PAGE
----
When I travel, I try to avoid run-ins with the local authorities. I figure it’s a pretty smart thing to do. The local authorities, however, don’t really try to avoid run-ins with me…
Italy. Summer. 2010. The middle of a heatwave.
My friend Maria and I are speeding along the autostrada between Venezia and Bologna at an only slightly illegal pace. We’re bopping along to the “Siena” playlist on her iPod. We’re marvelling at the amount of leg room in her black, non-airconditioned Smart car, affectionately called “Arthur Fonzarelli”. (The Fonz wore only black, the Smart car was all black. You get it, right?) We’re making plans to stop in Bologna for a late lunch of mortadella sandwiches. We’re checking out the scenic countryside.
As I twist around in my seat to get a glimpse of a town we’d just passed, I spot the unmistakable grey and yellow of the Guardia di Finanza – a type of Italian police that deals with customs, tax and some international crime business. The guy who was driving, the officer, I should say, looks too cool to be true. Perfectly coiffed hair, stylish sunglasses, bracelets on his wrist, a chain peeking out from the V of his uniform shirt, one tanned forearm resting on the windowsill while he uses his other hand to drive. He looks more like a GQ cover model than a police officer, and I’m spudorata (shameless) enough to stare.
That was mistake #1.
Of course, he and his partner catch me staring. He smirks and bows his head slightly in acknowledgement. I whip around in my seat, giggle like a schoolgirl and recount everything to Maria, just as Mr. GQ and partner pull up beside us, give us a wink and a wave, then cut in front of us. They slow down. Significantly. After a couple minutes of nearly crawling in the slow lane, we decide to pass Mr. GQ and company. Mistake #2, but hey, there were mortadella panini waiting for us in Bologna! They pass us and slow down again. We pass them. Mature? Certainly. (Are you counting the bad moves here?)
Then… come the flashing lights.
“What are they doing with their lights on?!” My friend cries.
“Well I don’t know! There’s no siren. They can’t be wanting to pull us over. They would have done it ages ago, right?”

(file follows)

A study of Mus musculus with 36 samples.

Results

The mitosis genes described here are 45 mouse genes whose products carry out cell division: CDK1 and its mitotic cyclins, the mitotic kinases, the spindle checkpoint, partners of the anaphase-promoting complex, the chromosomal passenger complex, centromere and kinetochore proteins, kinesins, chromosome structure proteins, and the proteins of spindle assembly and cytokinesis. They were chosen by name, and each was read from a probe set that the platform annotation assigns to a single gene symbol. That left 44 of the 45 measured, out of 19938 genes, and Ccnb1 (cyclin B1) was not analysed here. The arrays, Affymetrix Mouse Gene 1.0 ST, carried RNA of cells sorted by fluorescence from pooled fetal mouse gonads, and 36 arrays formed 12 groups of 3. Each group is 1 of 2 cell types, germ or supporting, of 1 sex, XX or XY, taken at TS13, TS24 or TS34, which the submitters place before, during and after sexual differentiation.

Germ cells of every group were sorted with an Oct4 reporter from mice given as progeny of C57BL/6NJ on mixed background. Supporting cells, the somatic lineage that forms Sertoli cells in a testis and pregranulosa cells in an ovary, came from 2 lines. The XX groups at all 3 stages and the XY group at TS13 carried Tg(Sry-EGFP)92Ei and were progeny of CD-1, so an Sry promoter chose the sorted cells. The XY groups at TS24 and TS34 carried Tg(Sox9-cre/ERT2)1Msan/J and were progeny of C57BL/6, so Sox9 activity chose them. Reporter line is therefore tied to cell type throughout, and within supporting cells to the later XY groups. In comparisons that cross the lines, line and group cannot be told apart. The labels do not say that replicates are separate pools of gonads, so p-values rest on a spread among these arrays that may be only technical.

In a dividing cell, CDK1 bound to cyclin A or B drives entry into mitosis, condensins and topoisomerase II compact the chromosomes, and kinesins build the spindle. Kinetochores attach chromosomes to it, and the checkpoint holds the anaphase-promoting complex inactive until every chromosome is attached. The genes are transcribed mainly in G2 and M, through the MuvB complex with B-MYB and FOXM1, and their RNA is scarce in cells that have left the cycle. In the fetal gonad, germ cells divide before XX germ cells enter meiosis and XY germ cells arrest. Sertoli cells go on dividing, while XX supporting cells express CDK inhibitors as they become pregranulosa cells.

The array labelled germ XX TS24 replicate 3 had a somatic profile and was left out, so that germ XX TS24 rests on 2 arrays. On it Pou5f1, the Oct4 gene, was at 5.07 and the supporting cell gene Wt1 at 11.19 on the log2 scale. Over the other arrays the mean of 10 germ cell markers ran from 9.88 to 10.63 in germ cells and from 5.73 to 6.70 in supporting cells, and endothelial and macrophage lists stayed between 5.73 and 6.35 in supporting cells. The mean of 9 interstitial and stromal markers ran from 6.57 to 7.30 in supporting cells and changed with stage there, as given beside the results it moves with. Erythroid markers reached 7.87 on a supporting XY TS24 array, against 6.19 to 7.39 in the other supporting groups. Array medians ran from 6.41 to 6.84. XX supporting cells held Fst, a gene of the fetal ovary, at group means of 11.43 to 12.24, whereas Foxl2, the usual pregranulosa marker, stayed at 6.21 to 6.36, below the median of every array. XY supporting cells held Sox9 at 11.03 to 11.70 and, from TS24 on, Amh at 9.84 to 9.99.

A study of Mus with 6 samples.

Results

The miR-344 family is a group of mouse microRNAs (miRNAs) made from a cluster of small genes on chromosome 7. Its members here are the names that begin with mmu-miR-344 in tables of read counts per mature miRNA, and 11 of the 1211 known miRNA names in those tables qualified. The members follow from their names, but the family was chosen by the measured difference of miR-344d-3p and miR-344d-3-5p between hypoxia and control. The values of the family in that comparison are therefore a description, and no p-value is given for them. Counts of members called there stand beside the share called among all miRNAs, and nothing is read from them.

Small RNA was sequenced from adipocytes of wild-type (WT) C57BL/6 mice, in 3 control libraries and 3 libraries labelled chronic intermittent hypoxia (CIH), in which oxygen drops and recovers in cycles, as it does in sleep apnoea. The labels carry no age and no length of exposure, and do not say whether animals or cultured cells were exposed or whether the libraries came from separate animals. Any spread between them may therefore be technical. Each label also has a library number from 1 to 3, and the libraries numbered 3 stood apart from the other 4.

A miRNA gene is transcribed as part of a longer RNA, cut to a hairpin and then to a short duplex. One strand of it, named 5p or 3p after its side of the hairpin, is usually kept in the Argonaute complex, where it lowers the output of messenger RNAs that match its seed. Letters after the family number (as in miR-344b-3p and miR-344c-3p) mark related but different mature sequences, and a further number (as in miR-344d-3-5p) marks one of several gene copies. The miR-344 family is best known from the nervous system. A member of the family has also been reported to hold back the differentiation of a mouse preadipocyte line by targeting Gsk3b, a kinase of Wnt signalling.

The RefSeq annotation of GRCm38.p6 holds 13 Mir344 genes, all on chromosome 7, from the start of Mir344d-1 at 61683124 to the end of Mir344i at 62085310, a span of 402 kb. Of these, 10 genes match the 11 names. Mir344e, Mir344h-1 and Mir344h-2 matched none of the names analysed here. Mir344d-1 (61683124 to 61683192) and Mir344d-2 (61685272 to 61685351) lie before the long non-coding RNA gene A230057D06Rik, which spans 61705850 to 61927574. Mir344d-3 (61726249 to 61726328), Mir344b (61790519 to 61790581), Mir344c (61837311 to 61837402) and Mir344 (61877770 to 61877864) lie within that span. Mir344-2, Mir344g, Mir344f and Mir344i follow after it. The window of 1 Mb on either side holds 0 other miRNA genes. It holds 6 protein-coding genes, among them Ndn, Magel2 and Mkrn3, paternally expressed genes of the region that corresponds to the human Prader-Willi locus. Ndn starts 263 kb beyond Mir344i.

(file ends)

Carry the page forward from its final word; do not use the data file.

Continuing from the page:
“No idea. Italians!” With an exasperated sigh, Maria reaches to turn the music back up. We keep driving. Normale.
They decide to pass us again. As we’re watching them approach and eventually overtake our car, Mr. GQ’s sidekick sticks his beautifully tanned forearm out the window, and we see his beautifully tanned hand holding an official-looking red paddle.
“What? He’s paddling us?! That can’t be! He wants us to pull over! Can you believe him!?” Maria puts on her blinker to pull onto the shoulder. Paddle boy shakes his head furiously and waves his paddle towards the quickly approaching sign: AutoGrill 900 m. A rest stop in just less than a kilometre.
“What?! I guess we’re supposed to pull off there?” I’m puzzled by this strange Italian pull-over protocol. Not that I had ever been pulled over by the police before in any country, but I didn’t think this was the way it usually went. Even in Italy.
“Yeah, but for what? I’m not going much faster than the speed limit, and I mean, why didn’t they just pull us over 10 minutes ago when they started following us?” Maria frowns.
“Foreign plates, maybe? You did drive here from London, and your plates show it.”
“Hmm. Possibly,” she concedes as she steers Arthur towards the off ramp. “Ok, here’s our plan. If we’re in trouble, neither of us speaks a word of Italian. Which, of course is a lie, but…” She looks over to make sure I’ve understood. I’m busy digging in my handbag for my perfume.
“And if, for some reason we’re not,” I say as I extract my head from the depths of my handbag and spritz myself with perfume, “then we can both use our marvellous Italian on Mr. GQ and friend.” I finish with a spritz towards Maria and stow my perfume as we both laugh.
She checks her appearance in the rear view mirror. “Hair down? I think so.” We pull into the nearest parking spot at the rest stop. “You never know with these guys… A few hair flicks may get us out of a speeding ticket, if that’s what they’ve got us pinned for. I’ve heard stories.” Excellent thinking. Did I mention that Maria is a lawyer?
We both shake out our unruly, frizzy, sweaty hair (hey, Arthur doesn’t have any air conditioning, remember?) and prep our most convincing “we weren’t speeding” smiles. Mr. GQ and friend saunter casually towards our car. They motion for us to roll down the windows.
“Ciao, ragazze,” Mr. GQ croons has he bows his head to look in the driver’s side window. He flashes us his million-dollar smile. His partner follows suit. “Could we offer you a coffee?”
6 thoughts on “Pursued by the Italian Polizia”
I love this!! Such a fun anecdote and so true to form!
Thank you! 🙂
Sounds like Italy.
Yes it does, Joe! Thanks for reading.
Well maybe they were being watched and had to put some speed and pull people over.
That’s what those Carbinieri and Polizia are doing ALL the time in the piazza, walking around, most of the time they are picking up chicks! And like you said, most of those Carbinieri are good looking enough to be actors!